Every collection of eggs from an individual fish is unique. The value and quality of the harvested eggs are scored during production by a caviar expert, who judges the product according to grading guidelines for the average roe from that species. These guidelines rate caviar on a set of factors of which the scorer uses to decide the grade.
What factors change the caviar's grade?
Egg size: how do the grains of caviar compare to the typical egg size?
Egg color: does the product have the usual color, a color that is off, or a certain color that signifies rarer and more mature caviar?
Egg lucidity: do the eggs have the shiny coating that indicates freshness and proper storage.
Egg uniformity: is the general appearance of the caviar appropriate? Are all the grains uniform with each other in terms of size, color, lucidity and firmness?
Egg separation: Are the eggs clearly individual grains or are they soft, wet and seemingly melted together?
Egg fragrance: Does the product smell okay or does it have any off-putting and unnatural characteristics to its scent?
Egg firmness: are the grains sturdy or soft, and do they have the appropriate texture? Is the roe skin or shell too fragile?
Egg taste: Does the caviar have all the usual flavors of that species? Does it taste metallic, sour, bitter, and too salty or have any other flavors that negatively affect the quality?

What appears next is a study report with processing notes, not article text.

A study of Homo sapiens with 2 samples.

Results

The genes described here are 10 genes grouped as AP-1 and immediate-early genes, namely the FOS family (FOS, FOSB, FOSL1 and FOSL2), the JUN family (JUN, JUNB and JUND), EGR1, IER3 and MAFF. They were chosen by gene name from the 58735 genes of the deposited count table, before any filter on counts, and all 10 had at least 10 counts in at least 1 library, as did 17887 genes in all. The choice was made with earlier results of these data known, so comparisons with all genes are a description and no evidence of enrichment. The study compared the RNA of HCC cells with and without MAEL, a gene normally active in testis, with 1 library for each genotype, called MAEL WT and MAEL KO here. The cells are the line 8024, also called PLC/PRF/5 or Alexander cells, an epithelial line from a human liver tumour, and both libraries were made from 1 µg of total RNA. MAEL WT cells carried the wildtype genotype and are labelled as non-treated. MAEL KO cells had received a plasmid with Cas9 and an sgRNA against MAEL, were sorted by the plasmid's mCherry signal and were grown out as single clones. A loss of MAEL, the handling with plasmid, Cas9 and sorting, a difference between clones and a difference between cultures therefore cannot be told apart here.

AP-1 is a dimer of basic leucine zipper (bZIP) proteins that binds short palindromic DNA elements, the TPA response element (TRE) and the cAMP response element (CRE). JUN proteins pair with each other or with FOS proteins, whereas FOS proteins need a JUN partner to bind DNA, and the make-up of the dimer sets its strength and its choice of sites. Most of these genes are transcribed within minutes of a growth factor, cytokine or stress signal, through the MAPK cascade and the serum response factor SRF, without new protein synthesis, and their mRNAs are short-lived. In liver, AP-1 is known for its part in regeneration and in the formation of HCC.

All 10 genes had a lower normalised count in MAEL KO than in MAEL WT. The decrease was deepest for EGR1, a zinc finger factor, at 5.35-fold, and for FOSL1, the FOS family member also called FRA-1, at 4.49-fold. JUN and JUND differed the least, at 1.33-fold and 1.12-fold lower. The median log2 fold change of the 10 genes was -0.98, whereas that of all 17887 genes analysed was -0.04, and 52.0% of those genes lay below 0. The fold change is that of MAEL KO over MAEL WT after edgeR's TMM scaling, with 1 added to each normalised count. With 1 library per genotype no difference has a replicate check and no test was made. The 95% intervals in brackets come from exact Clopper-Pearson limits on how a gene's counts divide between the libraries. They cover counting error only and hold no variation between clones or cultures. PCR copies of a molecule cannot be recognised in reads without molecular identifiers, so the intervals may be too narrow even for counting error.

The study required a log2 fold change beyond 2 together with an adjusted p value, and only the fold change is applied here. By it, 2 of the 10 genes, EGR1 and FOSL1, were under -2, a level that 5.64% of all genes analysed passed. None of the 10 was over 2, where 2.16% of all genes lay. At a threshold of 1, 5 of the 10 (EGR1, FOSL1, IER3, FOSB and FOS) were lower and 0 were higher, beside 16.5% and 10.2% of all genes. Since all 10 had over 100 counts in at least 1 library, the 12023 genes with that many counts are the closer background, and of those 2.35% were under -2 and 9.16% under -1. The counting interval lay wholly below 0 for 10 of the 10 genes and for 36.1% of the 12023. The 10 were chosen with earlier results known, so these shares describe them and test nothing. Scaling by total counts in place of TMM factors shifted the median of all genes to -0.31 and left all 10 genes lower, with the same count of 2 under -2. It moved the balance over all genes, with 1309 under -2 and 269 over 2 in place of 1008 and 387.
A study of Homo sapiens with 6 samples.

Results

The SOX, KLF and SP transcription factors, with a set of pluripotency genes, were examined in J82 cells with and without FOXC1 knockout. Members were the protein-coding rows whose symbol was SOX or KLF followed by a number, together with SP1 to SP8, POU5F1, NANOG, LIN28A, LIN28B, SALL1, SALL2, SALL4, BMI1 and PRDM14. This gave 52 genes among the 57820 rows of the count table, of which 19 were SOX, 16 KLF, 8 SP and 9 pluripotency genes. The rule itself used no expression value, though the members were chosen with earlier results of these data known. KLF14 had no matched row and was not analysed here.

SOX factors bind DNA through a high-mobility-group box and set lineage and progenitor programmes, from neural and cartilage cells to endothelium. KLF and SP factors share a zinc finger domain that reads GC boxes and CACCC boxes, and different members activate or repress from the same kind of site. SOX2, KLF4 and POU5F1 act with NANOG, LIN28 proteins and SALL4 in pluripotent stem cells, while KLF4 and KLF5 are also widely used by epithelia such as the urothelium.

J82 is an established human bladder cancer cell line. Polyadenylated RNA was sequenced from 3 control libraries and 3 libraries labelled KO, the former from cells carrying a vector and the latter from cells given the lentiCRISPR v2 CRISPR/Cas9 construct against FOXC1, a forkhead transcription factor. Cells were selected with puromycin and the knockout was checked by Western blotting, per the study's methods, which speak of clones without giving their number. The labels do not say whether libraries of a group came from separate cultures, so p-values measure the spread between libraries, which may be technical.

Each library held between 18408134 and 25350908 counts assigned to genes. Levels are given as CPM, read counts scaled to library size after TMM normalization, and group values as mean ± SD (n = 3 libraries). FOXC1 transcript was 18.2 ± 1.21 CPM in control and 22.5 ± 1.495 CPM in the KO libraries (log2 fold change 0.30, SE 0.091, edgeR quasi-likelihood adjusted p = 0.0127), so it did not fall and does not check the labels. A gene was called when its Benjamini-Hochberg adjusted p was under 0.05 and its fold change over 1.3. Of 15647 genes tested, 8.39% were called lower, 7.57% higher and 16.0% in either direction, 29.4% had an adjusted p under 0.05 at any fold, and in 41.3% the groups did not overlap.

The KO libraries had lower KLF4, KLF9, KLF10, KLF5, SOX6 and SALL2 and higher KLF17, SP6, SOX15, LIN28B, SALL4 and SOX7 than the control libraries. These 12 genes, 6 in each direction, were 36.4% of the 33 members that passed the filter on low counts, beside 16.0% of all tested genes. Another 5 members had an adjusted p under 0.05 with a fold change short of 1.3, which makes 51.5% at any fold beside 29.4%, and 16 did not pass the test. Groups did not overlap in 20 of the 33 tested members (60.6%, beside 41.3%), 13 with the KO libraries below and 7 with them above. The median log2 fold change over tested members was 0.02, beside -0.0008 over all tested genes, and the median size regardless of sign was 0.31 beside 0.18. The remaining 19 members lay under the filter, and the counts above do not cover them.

Egg maturity: do the eggs not only look like but taste like they were harvested from a full grown fish?
After all these factors are considered, the caviar is usually grouped into one of two grades: Grade 1 caviar and Grade 2 caviar.
Grade 1, also referred to as #1 or A-Grade, is reserved for caviar that not only satisfies the norm for the species but ideally combines all the factors stated above. In order to be Grade 1, the eggs must have consistently firm yet delicate texture with large grains that are intact and unbroken, with fine color, smell and taste. Some producers will further rate the caviar as Grade 1+ for rarer quality product, or Grade 1A or 1B for caviar that lacks in one of the areas stated above yet still higher quality than Grade 2.
Grade 2, also known as #2 or B-Grade, is usually given to caviar that below average. This product can have normal grain size with good color and taste but might not be as pleasing to the eye or palate as a Grade 1 product. Grade 2 caviar might score poorly in more than one of the grading areas above, but is still good enough quality to pass as a malossol caviar delicacy.
Damaged product or product that would be considered below Grade 2 is not given a rating and usually thrown away. However, some below grade product can be used as a base to make pressed or semi-preserved caviar.